The euphoric feeling that gives runners a motivational boost in the middle of their workout is in part modulated by the satiety hormone leptin, a new study reports September 1 in Cell Metabolism. Mice with reduced leptin signaling in the brain logged nearly twice as many miles on a running wheel compared with normal mice. The research suggests that falling leptin levels send a hunger signal to the brain’s pleasure center to generate the rewarding effects of running.
“Based on these findings, we think that a fall in leptin levels increases motivation for physical activity as a means to enhance exploration and the pursuit of food,” says senior study author Stephanie Fulton of the University of Montreal. “Our study also suggests that people with lower fat-adjusted leptin levels, such as high-performance marathon runners, could potentially be more susceptible to the rewarding effects of running and thus possibly more inclined to exercise.”
Leptin is a fat cell-derived hormone that signals to the brain when the body has enough fuel and energy. Low leptin levels have been previously shown to be associated with exercise addiction, fast marathon times, and training status in humans and also correlate with greater running speed and duration in mice. Despite these associations, the role leptin played in the process of runner’s high, the feeling of euphoria associated with endurance running, was unknown.
To address this question, Fulton and her team used genetically engineered mice that lack a leptin-sensitive protein called STAT3, which relays the leptin signal specifically in neurons that release the reward chemical dopamine. While normal mice ran 6 kilometers per day on a running wheel, the STAT3-deficient mice ran an impressive 11 kilometers per day.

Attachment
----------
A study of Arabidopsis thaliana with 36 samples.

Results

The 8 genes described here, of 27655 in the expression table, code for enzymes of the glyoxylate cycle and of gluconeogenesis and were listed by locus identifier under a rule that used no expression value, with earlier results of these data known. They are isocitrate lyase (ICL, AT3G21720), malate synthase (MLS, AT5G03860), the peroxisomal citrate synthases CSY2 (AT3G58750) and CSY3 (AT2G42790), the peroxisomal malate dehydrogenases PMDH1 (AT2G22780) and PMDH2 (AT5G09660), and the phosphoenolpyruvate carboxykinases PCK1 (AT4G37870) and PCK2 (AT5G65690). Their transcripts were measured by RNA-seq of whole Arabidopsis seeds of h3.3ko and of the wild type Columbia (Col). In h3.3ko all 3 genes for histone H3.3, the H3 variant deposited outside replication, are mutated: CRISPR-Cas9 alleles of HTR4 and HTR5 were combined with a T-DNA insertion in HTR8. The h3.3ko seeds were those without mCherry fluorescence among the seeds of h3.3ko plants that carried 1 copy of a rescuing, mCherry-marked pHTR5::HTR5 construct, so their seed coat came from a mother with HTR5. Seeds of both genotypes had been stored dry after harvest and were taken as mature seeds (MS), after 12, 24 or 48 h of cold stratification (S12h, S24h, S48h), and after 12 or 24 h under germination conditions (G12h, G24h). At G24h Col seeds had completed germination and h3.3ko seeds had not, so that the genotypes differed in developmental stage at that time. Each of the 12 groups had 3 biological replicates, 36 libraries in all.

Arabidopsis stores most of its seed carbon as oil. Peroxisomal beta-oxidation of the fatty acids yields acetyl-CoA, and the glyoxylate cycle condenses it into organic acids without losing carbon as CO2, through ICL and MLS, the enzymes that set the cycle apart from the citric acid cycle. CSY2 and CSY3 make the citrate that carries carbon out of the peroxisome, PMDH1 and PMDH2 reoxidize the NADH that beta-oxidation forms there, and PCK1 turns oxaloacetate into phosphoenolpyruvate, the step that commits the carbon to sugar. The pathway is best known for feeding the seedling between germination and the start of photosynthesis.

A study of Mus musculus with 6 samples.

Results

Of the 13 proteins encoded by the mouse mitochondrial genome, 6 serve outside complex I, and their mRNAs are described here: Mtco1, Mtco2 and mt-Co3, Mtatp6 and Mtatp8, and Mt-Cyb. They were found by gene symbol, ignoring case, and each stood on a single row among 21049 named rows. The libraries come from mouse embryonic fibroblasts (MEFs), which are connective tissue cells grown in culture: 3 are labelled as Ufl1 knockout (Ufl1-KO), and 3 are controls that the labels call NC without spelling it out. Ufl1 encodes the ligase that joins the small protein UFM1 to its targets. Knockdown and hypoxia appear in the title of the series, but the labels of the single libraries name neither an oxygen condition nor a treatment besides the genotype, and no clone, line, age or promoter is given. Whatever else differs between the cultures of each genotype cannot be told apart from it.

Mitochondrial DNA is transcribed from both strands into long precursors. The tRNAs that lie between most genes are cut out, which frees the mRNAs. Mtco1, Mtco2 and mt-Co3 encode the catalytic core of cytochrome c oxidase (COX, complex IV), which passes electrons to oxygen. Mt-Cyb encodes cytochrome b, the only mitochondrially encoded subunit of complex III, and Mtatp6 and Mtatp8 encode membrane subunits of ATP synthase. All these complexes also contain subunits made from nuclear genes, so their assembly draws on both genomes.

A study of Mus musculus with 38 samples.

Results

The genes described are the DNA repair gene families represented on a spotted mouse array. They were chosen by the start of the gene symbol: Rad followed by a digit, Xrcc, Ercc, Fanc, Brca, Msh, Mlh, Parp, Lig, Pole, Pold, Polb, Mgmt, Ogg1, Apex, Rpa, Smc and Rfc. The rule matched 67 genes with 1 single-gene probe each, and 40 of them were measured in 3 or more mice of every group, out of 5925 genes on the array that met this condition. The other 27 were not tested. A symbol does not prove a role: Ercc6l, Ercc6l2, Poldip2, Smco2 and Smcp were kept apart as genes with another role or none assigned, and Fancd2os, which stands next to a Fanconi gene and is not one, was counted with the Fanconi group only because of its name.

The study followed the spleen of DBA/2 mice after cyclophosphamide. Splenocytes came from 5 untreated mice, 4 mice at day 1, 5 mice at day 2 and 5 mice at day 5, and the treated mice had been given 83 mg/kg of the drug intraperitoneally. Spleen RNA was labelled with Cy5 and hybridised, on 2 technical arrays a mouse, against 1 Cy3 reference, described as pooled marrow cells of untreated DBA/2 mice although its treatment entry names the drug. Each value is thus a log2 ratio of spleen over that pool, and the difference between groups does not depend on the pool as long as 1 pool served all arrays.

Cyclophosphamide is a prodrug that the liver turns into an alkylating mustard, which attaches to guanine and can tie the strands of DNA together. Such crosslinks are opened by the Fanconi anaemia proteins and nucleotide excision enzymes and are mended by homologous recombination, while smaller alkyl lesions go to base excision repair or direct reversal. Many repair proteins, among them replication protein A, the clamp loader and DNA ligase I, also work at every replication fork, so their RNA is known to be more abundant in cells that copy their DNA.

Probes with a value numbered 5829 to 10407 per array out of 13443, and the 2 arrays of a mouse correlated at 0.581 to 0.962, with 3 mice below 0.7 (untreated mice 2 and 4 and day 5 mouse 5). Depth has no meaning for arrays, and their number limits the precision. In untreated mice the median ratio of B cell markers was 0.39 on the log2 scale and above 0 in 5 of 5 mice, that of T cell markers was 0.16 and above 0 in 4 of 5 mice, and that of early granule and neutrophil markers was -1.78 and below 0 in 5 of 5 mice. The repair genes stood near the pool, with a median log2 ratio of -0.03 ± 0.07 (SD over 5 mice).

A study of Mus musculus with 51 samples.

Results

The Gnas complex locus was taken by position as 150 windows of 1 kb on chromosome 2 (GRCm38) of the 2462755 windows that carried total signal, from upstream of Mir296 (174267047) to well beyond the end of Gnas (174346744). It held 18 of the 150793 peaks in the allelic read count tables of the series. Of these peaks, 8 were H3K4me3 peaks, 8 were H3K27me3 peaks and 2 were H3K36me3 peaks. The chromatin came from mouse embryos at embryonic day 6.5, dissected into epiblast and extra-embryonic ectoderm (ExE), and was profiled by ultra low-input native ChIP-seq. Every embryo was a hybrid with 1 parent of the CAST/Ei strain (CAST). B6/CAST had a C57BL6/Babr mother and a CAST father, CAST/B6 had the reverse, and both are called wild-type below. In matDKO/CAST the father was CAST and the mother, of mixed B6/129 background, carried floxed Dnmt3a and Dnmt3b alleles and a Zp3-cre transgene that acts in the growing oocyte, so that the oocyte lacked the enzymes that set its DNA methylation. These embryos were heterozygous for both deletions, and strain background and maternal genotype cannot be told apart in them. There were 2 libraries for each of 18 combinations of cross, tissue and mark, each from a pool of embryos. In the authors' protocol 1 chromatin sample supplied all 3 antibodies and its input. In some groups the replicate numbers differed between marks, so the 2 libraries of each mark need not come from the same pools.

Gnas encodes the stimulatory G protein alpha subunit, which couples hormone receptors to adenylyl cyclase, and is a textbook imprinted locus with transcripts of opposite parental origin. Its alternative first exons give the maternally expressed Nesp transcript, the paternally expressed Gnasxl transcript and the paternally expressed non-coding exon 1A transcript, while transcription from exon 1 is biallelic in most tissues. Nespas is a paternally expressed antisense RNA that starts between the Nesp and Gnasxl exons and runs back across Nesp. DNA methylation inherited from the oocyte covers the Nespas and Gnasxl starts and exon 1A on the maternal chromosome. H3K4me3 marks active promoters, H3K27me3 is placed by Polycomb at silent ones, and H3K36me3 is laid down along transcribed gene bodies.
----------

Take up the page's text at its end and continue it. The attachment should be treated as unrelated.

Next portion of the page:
Moreover, STAT3-deficient mice spent more time in the side of the chamber associated with running than did normal mice, suggesting that a drop in leptin-induced STAT3 signaling increases the rewarding effects of running. STAT3 deficiency also led to blunted dopamine signaling, which has been linked to enhanced reward seeking in humans.
The findings could also have clinical implications for anorexia. Past research has shown that leptin signaling in the brain’s reward center inhibits wheel running in a rat model of anorexia-induced hyperactivity. Moreover, individuals with anorexia have low fat-adjusted leptin levels that are associated with increased restlessness and hyperactivity. “We speculate that the mechanism described in this work could potentially underlie the hyperactivity associated with anorexia,” Fulton says.
In future studies, Fulton and her team will test their hypothesis of running reward being associated with food seeking. They will also examine which neural pathways downstream of dopamine neurons contribute to the runner’s high, may have evolved to enhance stamina, and increase the probability of success while foraging and hunting
“We do not want people to think that leptin is the only metabolic signal controlling the rewarding effects of running. Likewise, dopamine is not the only brain chemical involved,” Fulton says. Now that leptin’s role in runner’s high is beginning to be established, “More work is needed to parcel out the precise contribution of dopamine, opioid, and endogenous cannabinoid signals and the manner by which they interact to impact physical activity and its rewarding effects.”